All News 11:30 November 01, 2022

(ATTN: ADDS details in 4th para, emergency meeting in last 3 paras; RECASTS headline to highlight more info)
By Oh Seok-min

SEOUL, Nov. 1 (Yonhap) -- South Korea's exports logged an on-year decline in October for the first time in two years on sluggish global demand amid high inflation and an economic slowdown, the trade ministry said Tuesday.

The country also suffered a trade deficit for the seventh consecutive month as imports grew on high global energy prices, sparking concerns over its growth momentum.

Outbound shipments stood at US$52.48 billion last month, down 5.7 percent from $55.7 billion a year earlier, according to the data compiled by the Ministry of Trade, Industry and Energy.

It was the first on-year decline since the 3.6 percent drop posted in October 2020.

The country's imports grew 9.9 percent on-year to $59.18 billion in October on high global energy prices, resulting in a trade deficit of $6.7 billion.

Imports have exceeded exports in South Korea since April, and it is the first time since 1997 that the country has suffered a trade deficit for seven months in a row.

South Korea depends on imports for most of its energy needs, and the country's energy imports surged 42.1 percent on-year to $15.53 billion in October, the ministry said.

"The fall in exports came amid the prolonged war between Russia and Ukraine, and the global economic slowdown over monetary tightening by major nations," the ministry said in a release.

The dwindling demand in China and the decrease in semiconductor prices, as well as a high-base effect, also led to the fall in exports, it added.

This file photo taken Oct. 21, 2022, shows stacks of containers at a port in South Korea's southeastern city of Busan. (Yonhap)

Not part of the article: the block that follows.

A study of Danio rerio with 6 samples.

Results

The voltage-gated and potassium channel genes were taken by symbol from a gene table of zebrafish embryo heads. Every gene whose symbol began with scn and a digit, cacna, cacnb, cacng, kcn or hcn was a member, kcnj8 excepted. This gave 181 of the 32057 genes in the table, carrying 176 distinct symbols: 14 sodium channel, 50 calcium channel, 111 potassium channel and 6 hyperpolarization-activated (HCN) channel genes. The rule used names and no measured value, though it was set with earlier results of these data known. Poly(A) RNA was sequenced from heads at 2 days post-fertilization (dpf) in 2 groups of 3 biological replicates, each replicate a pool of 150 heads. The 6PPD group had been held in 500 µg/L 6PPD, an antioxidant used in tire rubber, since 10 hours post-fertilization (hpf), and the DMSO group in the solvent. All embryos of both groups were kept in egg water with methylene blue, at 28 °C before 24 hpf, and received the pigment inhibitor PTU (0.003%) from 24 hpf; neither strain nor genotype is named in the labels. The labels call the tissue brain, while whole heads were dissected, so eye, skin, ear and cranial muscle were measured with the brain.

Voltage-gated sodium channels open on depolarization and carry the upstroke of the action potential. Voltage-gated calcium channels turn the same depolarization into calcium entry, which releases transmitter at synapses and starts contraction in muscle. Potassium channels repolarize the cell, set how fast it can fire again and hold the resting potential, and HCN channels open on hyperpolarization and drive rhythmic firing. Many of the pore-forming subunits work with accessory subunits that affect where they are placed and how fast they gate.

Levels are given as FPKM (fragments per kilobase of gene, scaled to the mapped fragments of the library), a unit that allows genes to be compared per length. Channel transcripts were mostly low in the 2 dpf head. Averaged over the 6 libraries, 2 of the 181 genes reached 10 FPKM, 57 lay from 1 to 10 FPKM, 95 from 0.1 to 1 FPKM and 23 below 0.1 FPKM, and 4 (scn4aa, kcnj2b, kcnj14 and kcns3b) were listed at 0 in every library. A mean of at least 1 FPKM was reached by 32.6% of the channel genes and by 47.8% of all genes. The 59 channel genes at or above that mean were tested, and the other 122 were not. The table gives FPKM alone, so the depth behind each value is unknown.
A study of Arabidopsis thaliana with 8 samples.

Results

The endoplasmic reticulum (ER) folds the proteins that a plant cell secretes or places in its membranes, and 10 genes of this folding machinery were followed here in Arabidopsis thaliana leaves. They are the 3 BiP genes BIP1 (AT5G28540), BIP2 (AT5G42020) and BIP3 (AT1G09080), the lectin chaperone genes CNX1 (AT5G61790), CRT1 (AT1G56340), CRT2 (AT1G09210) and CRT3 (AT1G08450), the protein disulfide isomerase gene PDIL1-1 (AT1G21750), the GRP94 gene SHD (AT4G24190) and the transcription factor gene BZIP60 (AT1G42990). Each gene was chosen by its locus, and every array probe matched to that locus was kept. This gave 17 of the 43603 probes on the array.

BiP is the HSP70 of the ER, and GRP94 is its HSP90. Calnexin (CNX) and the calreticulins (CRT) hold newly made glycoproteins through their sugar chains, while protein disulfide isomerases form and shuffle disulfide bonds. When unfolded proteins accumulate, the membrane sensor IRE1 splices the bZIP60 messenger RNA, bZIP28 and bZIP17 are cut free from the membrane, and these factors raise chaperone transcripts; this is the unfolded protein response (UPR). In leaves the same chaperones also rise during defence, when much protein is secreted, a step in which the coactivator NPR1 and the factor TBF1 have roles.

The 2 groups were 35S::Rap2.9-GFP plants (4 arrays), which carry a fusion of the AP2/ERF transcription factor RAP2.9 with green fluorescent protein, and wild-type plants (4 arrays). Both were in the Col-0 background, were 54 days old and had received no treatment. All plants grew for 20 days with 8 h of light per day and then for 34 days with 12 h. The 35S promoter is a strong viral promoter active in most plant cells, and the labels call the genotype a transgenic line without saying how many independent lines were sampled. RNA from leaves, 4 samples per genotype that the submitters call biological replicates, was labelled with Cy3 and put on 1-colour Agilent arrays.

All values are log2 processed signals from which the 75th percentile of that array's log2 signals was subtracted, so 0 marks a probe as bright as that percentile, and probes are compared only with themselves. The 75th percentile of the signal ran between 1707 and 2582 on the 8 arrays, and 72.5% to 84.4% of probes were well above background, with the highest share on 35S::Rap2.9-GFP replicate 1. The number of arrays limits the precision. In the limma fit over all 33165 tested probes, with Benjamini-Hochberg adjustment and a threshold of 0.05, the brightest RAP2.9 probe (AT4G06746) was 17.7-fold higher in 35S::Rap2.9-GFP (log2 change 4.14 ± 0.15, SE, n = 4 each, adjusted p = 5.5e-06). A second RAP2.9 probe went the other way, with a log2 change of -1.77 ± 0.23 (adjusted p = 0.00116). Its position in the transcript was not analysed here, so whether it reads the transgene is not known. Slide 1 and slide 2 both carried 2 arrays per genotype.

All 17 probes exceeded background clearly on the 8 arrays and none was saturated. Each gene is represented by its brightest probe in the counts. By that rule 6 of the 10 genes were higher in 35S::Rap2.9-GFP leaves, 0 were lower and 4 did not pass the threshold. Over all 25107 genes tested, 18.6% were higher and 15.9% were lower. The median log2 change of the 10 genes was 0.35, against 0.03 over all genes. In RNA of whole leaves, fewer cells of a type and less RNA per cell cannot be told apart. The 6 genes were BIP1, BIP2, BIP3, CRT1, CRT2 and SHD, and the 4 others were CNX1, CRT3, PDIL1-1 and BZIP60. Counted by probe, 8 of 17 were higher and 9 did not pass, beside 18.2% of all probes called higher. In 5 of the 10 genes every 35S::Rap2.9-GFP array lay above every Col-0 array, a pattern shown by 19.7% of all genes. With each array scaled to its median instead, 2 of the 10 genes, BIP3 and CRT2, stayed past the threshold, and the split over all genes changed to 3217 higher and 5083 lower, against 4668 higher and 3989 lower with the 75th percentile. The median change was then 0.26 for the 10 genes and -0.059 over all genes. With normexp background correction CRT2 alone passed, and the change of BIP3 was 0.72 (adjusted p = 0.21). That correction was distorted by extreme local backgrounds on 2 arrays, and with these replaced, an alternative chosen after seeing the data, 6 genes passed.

This file photo taken Oct. 21, 2022, shows stacks of containers at a port in South Korea's southeastern city of Busan. (Yonhap)

By item, overseas sales of semiconductors -- a key export item that accounts for about 20 percent of South Korea's exports -- slid 17.4 percent on-year to $9.23 billion on falling demand and a fall in chip prices, according to the ministry.

The chip exports have logged an on-year decline since August.

Sales of petrochemicals went down 25.5 percent to $3.73 billion, and exports of steel products also decreased 20.8 percent to $2.67 billion last month.

But car exports jumped 28.5 percent to $4.92 billion, an all-time high for any October, and sales of petroleum products increased 7.6 percent to $4.39 billion.

The shipment of secondary batteries rose 16.7 percent to $800 million last month, also a record figure for any October, the data showed.

By nation, exports to China, South Korea's No. 1 trading partner, fell 15.7 percent to $12.16 billion last month, and shipments to the Association of Southeast Asian Nations (ASEAN) went down 5.8 percent to $9.22 billion in October.

ASEAN comprises Brunei, Cambodia, Indonesia, Laos, Malaysia, Myanmar, the Philippines, Thailand, Singapore and Vietnam.

But sales in the United States rose 6.6 percent to $8.6 billion, and those in the European Union jumped 10.3 percent to $5.62 billion, the data showed.

Exports bound for the Commonwealth of Independent States inched up 0.4 percent to $1.14 billion in October due to low base effects.

"We take the current trade situation very seriously. We will mobilize every possible means to revive exports momentum," Industry Minister Lee Chang-yang said.

Also Tuesday, Trade Minister Ahn Duk-geun held an emergency meeting on exports with major exporters and related associations to discuss measures to revive momentum and to improve the trade balance.

South Korea is expected to face even more difficult circumstances, Ahn said as he renewed the government's commitment to easing regulations, nurturing new industries and extending necessary support to buttress exports.

The participating firms called for the government's active responses to global risk factors in key industries amid intensifying global competitions and tailored supportive measures, according to the ministry.